Do you ever feel like your point is just not getting across to people? It would be easier if people just saw things from our point of view. However, our perception might not always be reality. This is where conflict occurs.

Quite simply, perception is how we see the world around us. Think of it as a lens of a camera. Much like that lens, different types allow us to either focus or expand our view. Each of these lenses also has various and unique filters. Our filters are things like our values, environment, age, culture, etc. These filters significantly impact how we see the world and how our brains organize that information for future reference. The older we get, the more we add to these filters, meaning the way we saw something before might not always be how we see it today.

So, what does that have to do with how we communicate? Well, how we perceive communication is how we understand others. This also plays a massive role in how we communicate back. Misunderstanding occurs when the same message is interpreted in different ways by different people. If you’re a fan of the American version of The Office, then you might have caught a moment of differing interpretations of the same thing when Darryl and Oscar attended Andy’s garden party and argued over the meaning behind “rosebud” in reference to Citizen Kane.

Darryl: I think if I had parents like that, I’d be trying to convince everyone all the time how great I was, too.

Oscar: Guess we found Andy’s rosebud.

Darryl: Rosebud?

Oscar: It’s a reference to Citizen Kane. Something that explains why a person became the way they are.

Darryl: I know Citizen Kane. Rosebud didn’t explain why he was how he was. It just represented what was important to him as a child, that he missed.

Oscar: Different school of thought. Let’s just agree to disagree.

Darryl: No, you’re wrong.

Well, in fact, they’re both wrong. According to Welles, the writer, director, producer, and star of Citizen Kane, ‚Äúrosebud‚Ķrepresented the simplicity, the comfort, above all the lack of responsibility in his home, and also it stood for his mother’s love which Kane never lost.” So, you see, there are three interpretations of the same thing. Still, as there was no further context to provide the artist’s own interpretation, both were left to fill in the blanks themselves.

To break down this conversation further, we can see how Oscar assumed Darryl didn’t know the reference but did recognize a difference of perspective. Being aware of your own views and the perspectives of others is key to finding a middle ground in communicating with others.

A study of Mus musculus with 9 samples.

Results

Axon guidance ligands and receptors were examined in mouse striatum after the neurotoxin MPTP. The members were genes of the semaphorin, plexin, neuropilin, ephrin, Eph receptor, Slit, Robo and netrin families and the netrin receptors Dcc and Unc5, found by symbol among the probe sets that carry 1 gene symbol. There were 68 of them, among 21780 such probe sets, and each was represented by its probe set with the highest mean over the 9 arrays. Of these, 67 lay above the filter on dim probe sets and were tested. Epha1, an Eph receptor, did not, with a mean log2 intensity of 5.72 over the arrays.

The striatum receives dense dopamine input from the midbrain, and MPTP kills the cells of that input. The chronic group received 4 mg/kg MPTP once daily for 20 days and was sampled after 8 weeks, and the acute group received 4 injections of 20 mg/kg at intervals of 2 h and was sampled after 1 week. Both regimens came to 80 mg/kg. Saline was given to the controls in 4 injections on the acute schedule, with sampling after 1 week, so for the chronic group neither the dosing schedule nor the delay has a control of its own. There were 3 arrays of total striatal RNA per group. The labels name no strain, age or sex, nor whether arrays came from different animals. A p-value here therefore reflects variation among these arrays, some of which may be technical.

Self-awareness makes for excellent communication. Being aware of how you communicate will help shape the way you speak to others. Next time you feel like your message isn’t coming across well, ask yourself the following questions:

  • Did I provide enough context? – Think of that super vague text message you’ve probably sent at least once in your life. Without the context (or even emotions) behind it, it is effortless for someone else to interpret a million different possibilities of what you meant by it. Don’t assume they know what you’re saying.
  • Can I verify the information? – We can jump to conclusions rather quickly, especially when we spot patterns. However, stop to verify the information you take in and the information you are providing to someone else. Jumping to conclusions can lead to stress and possible mistakes.
  • Am I assuming too much? – You can’t read minds, and no one can read yours. Don’t assume you know what someone is thinking. Instead, ask about how they see things.
  • Am I using labels based on my own perception? – “That test was so easy!” For you. The test was easy for you. The same goes for people. When you label people as easy-going or complicated, it actually shapes the way you communicate with them. Instead, use things like, “I have an easy/difficult time getting along with that person.” These small changes will keep you aware of your own perception and how to better communicate with others.

So, it’s not necessarily that people don’t understand you. It’s that they perceive the information you present differently. Observe others, try to see things from another perspective, and adjust your communication accordingly. This will help mitigate some of those miscommunications and misinterpretations.